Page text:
This genetic family likely originated in England. YSNP and YSTR matches indicate that prior to about 1650 a male Wallace took the Goff surname.


There are three branches that need to be connected:

  • Henry Goff (born before 1758 Pitt Co., NC) married Patience, who is memorialized in an 1853 NC Supreme Court decision. In January 1817 Patience Goff of Pitt Co., NC executed a deed to her grandchildren Washington and Lewis Dupree, sons of Robert and Rachel (Goff) Dupree. In October 1817 another child of Robert and Rachel Dupree was born and attempted to claim a third of the inheritance. The Court believed Patience Goff would not have wanted to exclude this child from the inheritance, but Washington and Lewis Dupree were under no obligation to give a third to their younger sibling.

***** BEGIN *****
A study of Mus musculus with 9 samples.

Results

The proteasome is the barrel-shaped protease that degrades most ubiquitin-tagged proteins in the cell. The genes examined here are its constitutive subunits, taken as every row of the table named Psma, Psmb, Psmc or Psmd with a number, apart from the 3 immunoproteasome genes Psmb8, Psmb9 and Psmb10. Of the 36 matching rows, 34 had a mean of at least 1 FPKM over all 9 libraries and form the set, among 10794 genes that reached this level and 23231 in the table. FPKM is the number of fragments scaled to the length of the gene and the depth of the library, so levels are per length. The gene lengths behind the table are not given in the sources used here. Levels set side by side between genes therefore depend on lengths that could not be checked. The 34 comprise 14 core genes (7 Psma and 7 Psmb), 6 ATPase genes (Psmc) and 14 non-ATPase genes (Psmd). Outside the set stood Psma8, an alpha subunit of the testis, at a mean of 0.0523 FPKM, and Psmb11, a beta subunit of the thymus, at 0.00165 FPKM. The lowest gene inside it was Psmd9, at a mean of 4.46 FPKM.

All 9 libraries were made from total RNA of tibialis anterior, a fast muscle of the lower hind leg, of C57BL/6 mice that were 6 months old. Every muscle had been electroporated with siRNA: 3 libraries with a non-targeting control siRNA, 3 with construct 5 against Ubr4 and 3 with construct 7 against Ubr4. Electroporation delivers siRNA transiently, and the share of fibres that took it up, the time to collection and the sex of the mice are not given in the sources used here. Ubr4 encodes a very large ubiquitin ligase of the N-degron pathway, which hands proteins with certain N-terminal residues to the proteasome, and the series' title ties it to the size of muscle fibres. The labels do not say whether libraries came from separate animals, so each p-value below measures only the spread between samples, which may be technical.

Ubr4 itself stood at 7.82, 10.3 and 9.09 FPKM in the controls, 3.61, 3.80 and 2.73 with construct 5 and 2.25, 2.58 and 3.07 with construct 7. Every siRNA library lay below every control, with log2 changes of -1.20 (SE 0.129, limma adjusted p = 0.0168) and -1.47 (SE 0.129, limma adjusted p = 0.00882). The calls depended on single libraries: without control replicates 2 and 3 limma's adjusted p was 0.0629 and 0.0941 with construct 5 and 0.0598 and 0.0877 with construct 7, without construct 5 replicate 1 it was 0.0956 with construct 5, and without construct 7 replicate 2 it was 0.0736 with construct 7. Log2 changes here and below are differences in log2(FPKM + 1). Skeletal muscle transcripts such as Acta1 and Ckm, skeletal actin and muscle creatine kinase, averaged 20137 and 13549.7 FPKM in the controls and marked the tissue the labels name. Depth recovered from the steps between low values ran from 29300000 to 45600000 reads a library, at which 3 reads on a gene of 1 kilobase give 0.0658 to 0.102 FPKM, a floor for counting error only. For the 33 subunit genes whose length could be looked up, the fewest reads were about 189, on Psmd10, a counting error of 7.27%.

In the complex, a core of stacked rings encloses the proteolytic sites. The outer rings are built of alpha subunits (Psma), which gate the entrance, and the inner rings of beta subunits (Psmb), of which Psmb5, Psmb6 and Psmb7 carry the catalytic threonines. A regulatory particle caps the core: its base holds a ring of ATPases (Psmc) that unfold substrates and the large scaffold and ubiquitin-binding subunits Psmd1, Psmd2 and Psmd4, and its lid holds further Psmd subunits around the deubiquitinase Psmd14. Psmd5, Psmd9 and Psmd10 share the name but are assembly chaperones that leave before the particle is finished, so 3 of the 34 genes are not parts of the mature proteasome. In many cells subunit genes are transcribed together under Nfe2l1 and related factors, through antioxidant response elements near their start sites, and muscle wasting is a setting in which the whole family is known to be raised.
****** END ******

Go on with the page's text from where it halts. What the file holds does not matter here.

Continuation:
• John Goff, b. ca. 1770 in Bertie Co., NC, d. in Greene Co., NC through son Thomas Goff (b. 1802/13 NC) who lived in Greene Co., NC in 1850 and Tyson’s Marsh, Greene Co., NC in 1860
  • George Goff b. ca. 1800 Edgecombe Co., NC d. ca. 1870

Edgecombe, Greene and Pitt Counties adjoin each other. Bertie County is to the east.


The Wallace family dominates the YDNA matches to descendants of this Goff family. Considering YSTR, YSNP and atDNA matching, the connection to the Wallace family is estimated as 1650. Since Wallace matches significantly outnumber Goff matches, it seems likely that a branch of the Wallace family adopted the Goff surname.


DNA participants are encouraged to take Big Y 700 to sort out branches of this early Goff family.